A national group that advocates for veterans who have served in wars since 9/11 is at the middle of a back and forth in Nevada’s U.S. Senate race over whether the group is truly nonpartisan after it gave U.S. Sen. Dean Heller a poor rating on a scorecard in 2010.

Heller’s campaign, in a Saturday press release, described the Iraq and Afghanistan Veterans of America as a “left-leaning partisan group” with a “shady history of misusing donations” after his opponent, Rep. Jacky Rosen, released an ad highlighting Heller’s D grade on a report card issued by the group in 2010. Rosen’s campaign contends that the group is nonpartisan, pointing to a press release from Heller’s own office in 2014 that described the group as a “nonpartisan, nonprofit organization” when the senator appeared with IAVA CEO and founder Paul Rieckhoff in 2014 to call for a repeal of a cut to cost-of-living adjustments for military retirees.

The report card, which was reported on by the Reno News & Review last week, gave Heller low marks for either voting against or not voting for certain bills, while also not co-sponsoring what the group considered other key pieces of legislation.

In a statement, IAVA said that it has a “long, proud and non-partisan history” of advocating for veterans. The organization, which was founded in 2004 and has a membership of about 400,000 today, says on its website that it partners “with all those who share our commitment to this generation of veterans — whether they’re Democrat, Republican, or independent.”

“Our scorecards are comprehensive and non partisan and reflect the voting records of the elected leaders at that time,” said IAVA's Chief Policy Officer Melissa Bryant in a statement. “We consistently work with elected leaders of both parties day in and day out — including Senator Heller — who himself appeared at an event with us in 2014 and has supported a number of IAVA-led initiatives over the years." 

Heller’s campaign isn’t backing down from its characterization of the group as “left-leaning” and “partisan,” though it did not specifically respond to a question about whether Heller’s perception of the group had changed between 2014 and now.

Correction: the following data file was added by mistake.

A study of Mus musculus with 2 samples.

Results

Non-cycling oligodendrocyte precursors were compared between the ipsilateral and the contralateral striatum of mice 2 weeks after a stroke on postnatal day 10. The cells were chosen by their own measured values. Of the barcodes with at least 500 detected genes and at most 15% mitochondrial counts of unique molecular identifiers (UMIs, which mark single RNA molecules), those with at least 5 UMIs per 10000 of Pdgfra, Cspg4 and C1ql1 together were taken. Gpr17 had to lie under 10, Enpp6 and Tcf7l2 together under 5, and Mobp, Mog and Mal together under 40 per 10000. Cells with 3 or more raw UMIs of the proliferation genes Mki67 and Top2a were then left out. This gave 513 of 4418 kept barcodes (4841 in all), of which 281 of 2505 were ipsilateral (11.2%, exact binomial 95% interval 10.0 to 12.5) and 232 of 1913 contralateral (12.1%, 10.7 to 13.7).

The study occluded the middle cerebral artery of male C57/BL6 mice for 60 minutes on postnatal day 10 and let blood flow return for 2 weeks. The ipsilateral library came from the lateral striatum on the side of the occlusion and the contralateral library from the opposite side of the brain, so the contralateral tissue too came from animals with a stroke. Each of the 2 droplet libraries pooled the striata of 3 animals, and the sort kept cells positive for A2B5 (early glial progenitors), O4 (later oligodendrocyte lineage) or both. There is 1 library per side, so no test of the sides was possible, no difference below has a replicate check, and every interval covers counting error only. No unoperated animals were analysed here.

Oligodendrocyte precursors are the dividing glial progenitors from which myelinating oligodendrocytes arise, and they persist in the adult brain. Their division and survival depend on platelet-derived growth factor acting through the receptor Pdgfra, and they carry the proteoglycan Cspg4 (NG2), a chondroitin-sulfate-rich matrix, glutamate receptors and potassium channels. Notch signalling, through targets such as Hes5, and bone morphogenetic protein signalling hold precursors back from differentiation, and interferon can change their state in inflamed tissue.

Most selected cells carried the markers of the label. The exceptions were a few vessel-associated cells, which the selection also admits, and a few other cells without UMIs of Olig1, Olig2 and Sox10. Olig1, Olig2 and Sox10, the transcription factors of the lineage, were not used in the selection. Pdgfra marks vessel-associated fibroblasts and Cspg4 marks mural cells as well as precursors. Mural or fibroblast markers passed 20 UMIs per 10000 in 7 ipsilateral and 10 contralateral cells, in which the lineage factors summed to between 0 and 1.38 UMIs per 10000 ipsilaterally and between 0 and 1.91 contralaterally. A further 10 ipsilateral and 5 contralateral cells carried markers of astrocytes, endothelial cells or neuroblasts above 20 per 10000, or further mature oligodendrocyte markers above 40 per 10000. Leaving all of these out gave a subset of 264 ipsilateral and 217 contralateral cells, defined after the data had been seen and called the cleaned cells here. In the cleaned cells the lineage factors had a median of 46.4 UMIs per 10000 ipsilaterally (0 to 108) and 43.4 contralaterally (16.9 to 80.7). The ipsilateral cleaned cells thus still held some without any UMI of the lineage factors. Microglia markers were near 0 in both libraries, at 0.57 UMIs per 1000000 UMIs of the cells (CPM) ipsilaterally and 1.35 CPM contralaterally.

“We stand by our statement. Dean Heller meets with people across the political spectrum to achieve results,” Heller spokesman Keith Schipper said in a statement.

A 2012 article from the American military newspaper Stars and Stripes examined the overall role of the group within the veterans community, including both praise of its founder as a “role model” to young veterans and criticism of the group as being “a small, unrepresentative sample of returning war heroes, a veterans group with an uncharacteristic liberal bent and a business model that emphasizes online communities over traditional outreach.”

The group also came under fire in an article from the conservative Daily Caller alleging that the organization has misused grant funds. Rieckhoff has denied all claims that the organization misused any funds.

For its part, Rosen’s campaign says that Heller’s campaign is only attacking IAVA because of the poor report card grade.

“Sen. Heller’s number one priority is always looking out for himself, but attacking a nonpartisan veterans organization serving Iraq and Afghanistan veterans because he doesn’t like this bad report card is disgraceful and appalling,” Rosen spokeswoman Molly Forgery said in a statement.

The 2010 IAVA report card dinged then-Congressman Heller for his votes against or non-votes on three key bills identified by the organization and for not co-sponsoring four additional key bills.

Heller’s one non-vote was on a bill to appropriate $108 billion for the Department of Veterans Affairs, a vote he missed to attend his oldest child’s wedding. (The Nevada Independent will have further analysis of this scorecard, including the other bills he opposed or did not co-sponsor, in the coming days.)

Rosen’s campaign seized on the report card in an ad released over the weekend, which said that Heller “was tied for the worst grade in the Nevada congressional delegation and he’s lying to cover it up.” (Then-U.S. Sen. John Ensign also received a D grade from the group.)

Over the weekend, Heller’s campaign put out a press release pushing back on the ad, in turn accusing Rosen of lying about Heller’s record on veterans and dismissing the IAVA report card.

“This ‘grade’ was given out by a left-leaning partisan group that has a shady history of misusing donations meant to support veteran programs,” the release stated.

Both candidates and the organizations that support them have lobbed barbs at the other over the last several months in an attempt to undermine each other’s support with the veteran community.

National Republican groups have accused Rosen of flip-flopping on a measure to increase accountability within the VA, which her office responded to by saying that she opposed a “first partisan version” of the bill and “stood with our veterans to get a better deal." At the same time, a progressive opposition research firm has tried to make an issue out of a vote Heller missed relating to medical issues associated with exposure to Agent Orange, which he missed to attend the funeral of former Gov. Kenny Guinn.

Heller and Rosen will face off in November for a seat that has the potential to swing the balance of power in the U.S. Senate. The two are currently running neck and neck in the race, according to the latest poll numbers.